In motion the whole body should be light and agile,
with all parts of the body linked
as if threaded together.
The ch’i [vital life energy] should be excited,
The shen [spirit of vitality] should be internally gathered.
The postures should be without defect,
without hollows or projections from the proper alignment;
in motion the Form should be continuous, without stops and starts.
The chin [intrinsic strength] should be
rooted in the feet,
generated from the legs,
controlled by the waist, and
manifested through the fingers.
The feet, legs, and waist should act together
as an integrated whole,
so that while advancing or withdrawing
one can grasp the opportunity of favorable timing
and advantageous position.
If correct timing and position are not achieved,
the body will become disordered
and will not move as an integrated whole;
the correction for this defect
must be sought in the legs and waist.
The principle of adjusting the legs and waist
applies for moving in all directions;
upward or downward,
advancing or withdrawing,
left or right.
All movements are motivated by I [mind-intention],
not external form.
If there is up, there is down;
when advancing, have regard for withdrawing;
when striking left, pay attention to the right.
If the I wants to move upward,
it must simultaneously have intent downward.
Alternating the force of pulling and pushing
severs an opponent’s root
so that he can be defeated
quickly and certainly.
Insubstantial and substantial
should be clearly differentiated.
At any place where there is insubstantiality,
there must be substantiality;
Every place has both insubstantiality and substantiality.
The whole body should be threaded together
through every joint
without the slightest break.
Chang Ch’uan [Long Boxing] is like a great river
rolling on unceasingly.
Peng, Lu, Chi, An,
Ts’ai, Lieh, Chou, and K’ao
are equated to the Eight Trigrams.
The first four are the cardinal directions;
Ch’ien [South; Heaven],
K’un [North; Earth],
K’an [West; Water], and
Li [East; Fire].
The second four are the four corners:
Sun [Southwest; Wind],
Chen [Northeast; Thunder],
Tui [Southeast; Lake], and
Ken [Northwest; Mountain].
Advance (Chin), Withdraw (T’ui),
Look Left (Tso Ku), Look Right (Yu Pan), and
Central Equilibrium (Chung Ting)
are equated to the five elements:
All together these are termed the Thirteen Postures
A footnote appended to this Classic by Yang Lu-ch’an (1799-1872) reads:
This treatise was left by the patriarch Chan San-feng of Wu Tang Mountain,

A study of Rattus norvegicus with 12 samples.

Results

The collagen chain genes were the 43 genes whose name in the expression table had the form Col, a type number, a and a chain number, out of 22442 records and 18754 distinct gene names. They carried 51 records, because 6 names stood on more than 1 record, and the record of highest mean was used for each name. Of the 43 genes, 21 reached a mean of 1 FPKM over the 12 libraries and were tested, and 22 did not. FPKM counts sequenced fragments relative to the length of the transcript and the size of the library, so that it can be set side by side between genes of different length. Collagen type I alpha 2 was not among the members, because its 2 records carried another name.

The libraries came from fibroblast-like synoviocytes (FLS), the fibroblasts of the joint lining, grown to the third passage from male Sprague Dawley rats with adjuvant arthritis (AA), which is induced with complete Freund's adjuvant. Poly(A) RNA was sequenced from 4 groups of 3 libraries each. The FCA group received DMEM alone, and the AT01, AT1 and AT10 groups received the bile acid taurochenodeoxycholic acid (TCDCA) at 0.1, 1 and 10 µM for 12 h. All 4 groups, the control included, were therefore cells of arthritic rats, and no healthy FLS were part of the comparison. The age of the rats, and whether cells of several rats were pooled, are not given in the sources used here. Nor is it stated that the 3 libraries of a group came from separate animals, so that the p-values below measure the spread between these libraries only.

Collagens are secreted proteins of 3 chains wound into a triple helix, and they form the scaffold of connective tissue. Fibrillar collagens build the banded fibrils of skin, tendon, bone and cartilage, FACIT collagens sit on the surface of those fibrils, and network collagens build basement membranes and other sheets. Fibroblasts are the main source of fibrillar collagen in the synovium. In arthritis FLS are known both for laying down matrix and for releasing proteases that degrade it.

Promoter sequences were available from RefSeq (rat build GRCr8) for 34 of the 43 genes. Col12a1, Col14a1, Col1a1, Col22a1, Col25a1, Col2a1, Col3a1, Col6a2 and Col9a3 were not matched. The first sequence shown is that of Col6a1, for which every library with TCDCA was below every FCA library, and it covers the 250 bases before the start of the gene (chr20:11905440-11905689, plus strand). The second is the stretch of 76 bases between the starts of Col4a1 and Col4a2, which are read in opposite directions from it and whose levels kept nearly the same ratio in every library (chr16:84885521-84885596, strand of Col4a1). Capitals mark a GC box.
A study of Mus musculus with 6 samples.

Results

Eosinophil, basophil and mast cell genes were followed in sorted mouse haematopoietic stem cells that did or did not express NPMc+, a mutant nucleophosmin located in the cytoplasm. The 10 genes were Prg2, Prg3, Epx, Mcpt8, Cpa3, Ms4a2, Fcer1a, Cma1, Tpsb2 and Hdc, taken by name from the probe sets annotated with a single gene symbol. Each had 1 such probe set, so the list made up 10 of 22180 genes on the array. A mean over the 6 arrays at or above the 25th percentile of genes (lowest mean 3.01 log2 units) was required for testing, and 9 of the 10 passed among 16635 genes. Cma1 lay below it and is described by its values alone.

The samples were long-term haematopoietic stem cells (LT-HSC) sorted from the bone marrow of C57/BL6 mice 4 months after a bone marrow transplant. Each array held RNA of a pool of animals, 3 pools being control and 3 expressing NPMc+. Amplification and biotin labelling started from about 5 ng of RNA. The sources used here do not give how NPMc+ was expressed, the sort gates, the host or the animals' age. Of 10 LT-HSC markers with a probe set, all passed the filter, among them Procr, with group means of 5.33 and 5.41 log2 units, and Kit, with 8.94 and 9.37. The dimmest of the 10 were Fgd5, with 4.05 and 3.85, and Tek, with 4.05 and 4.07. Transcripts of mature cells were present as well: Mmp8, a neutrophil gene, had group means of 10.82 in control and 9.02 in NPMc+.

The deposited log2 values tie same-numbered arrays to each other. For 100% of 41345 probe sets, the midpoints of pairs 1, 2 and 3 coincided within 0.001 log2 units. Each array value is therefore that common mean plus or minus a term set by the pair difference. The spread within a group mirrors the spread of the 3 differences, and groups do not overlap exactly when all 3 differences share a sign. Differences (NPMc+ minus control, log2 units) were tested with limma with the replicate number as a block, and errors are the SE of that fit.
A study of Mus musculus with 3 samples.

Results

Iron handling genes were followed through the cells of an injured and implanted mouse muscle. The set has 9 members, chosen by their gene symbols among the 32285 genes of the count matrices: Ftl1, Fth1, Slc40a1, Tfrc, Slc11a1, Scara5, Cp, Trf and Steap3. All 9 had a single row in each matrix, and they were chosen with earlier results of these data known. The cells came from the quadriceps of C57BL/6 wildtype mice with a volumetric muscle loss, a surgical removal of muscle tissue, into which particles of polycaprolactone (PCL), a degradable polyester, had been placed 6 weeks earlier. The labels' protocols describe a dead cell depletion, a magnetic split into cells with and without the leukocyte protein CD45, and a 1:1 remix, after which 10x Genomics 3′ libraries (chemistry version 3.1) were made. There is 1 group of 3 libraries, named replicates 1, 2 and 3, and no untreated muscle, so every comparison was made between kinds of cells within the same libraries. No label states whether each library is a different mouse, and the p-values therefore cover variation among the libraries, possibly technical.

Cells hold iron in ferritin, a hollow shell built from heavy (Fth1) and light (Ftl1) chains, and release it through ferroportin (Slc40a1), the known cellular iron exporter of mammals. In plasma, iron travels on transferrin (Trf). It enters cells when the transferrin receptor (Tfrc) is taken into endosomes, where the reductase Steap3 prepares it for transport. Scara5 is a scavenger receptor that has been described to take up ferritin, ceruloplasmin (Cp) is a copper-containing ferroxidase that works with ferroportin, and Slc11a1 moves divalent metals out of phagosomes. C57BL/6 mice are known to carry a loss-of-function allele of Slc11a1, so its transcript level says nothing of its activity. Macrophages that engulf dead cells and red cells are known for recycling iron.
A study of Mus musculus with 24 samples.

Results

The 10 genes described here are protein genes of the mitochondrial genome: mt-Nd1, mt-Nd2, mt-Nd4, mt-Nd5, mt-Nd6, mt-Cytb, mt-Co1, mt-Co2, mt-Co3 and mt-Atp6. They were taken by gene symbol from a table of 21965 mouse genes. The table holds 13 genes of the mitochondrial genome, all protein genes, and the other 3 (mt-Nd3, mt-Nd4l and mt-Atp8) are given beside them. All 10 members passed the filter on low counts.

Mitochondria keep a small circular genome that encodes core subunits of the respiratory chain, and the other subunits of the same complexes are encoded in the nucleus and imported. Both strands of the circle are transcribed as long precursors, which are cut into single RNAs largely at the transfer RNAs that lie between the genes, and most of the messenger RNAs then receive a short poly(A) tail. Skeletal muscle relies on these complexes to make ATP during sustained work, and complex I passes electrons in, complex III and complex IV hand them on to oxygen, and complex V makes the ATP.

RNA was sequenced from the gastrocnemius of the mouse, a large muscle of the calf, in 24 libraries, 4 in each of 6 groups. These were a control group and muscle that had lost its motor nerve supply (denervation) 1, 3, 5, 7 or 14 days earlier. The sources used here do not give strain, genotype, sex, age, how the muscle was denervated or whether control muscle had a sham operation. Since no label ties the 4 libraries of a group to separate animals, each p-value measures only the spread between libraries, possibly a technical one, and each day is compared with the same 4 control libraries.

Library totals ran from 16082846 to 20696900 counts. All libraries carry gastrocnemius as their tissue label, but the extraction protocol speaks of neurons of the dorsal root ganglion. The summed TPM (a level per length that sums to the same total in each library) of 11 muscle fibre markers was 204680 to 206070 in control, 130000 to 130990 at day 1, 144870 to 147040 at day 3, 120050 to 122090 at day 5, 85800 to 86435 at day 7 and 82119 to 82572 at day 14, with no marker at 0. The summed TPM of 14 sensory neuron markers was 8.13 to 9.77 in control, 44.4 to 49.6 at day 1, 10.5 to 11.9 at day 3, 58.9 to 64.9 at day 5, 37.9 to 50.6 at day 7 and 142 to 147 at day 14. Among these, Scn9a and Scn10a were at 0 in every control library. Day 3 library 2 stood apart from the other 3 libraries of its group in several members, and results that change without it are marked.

with a desire toward helping able people everywhere achieve longevity,
and not merely as a means to martial skill.
A little more light push-hands balance work, then extensive picking apart of the short empty-hands form. A lot of familiar issues that I still haven’t knocked out, a few new details. My biggest focus is the weight shifts.
On the opening "finger push"- that push should not be a deliberate and visible push. It is only implied.
More emphasis on the "pull-in" part after the push. Then drop.
Do not let the knee collapse inward on lunges. Take a deeper stance and keep the knee turned out.
The Crane’s neck is not a Shaolin Crane’s neck. Shallower. Like dangling a bell on a thread.
Going into the White Crane- turn left toe *WAY* out.
Step into the front lunge more diagonally. Also more diagonal- the White Crane step, and the "bicycle" steps.
The pull-in and push-out from left to right- pull it to your heart before pushing.
Savor and fully complete the ending poses of each section before rushing on (specifically, Lazily Tying Your Coat. End facing fully forward with a Dragon’s mouth hand on left hip).
Let the arms move the body. Big body move, little arm move. No arm flapping.
Drop the weight more.
Pay more attention to the tilt of the pelvis.
No rising up on the toes. This is happening every time I bring my feet together (damn dance training).
When sweeping and splitting towards the front in lunge, describe a "C"- a little bit of flourish towards the rear- before splitting. The body turns with this as well.
Brushing Twist Step- feet are too linear. Hips should be slightly diagonal to Northeast, but chest should be due North and arms oriented toward Northward opponent. (This feels very odd!)
We talked a bit about our respective ancient-China-setting fiction, and some research details.
Had to ask her to just not mention SK again. Ever. Please.
Discussed how much I miss training striking with a teacher/class, and that I would consider Muay Tai and/or boxing- but part of what I miss about Shaolin is the spiritual aspect, which worked really well with the more sport-oriented BJJ. She suggested (again) her Tai Chi teacher. But Seattle…. the commute….. argh…
CK noted that it has now been 9 years that she has been teaching me.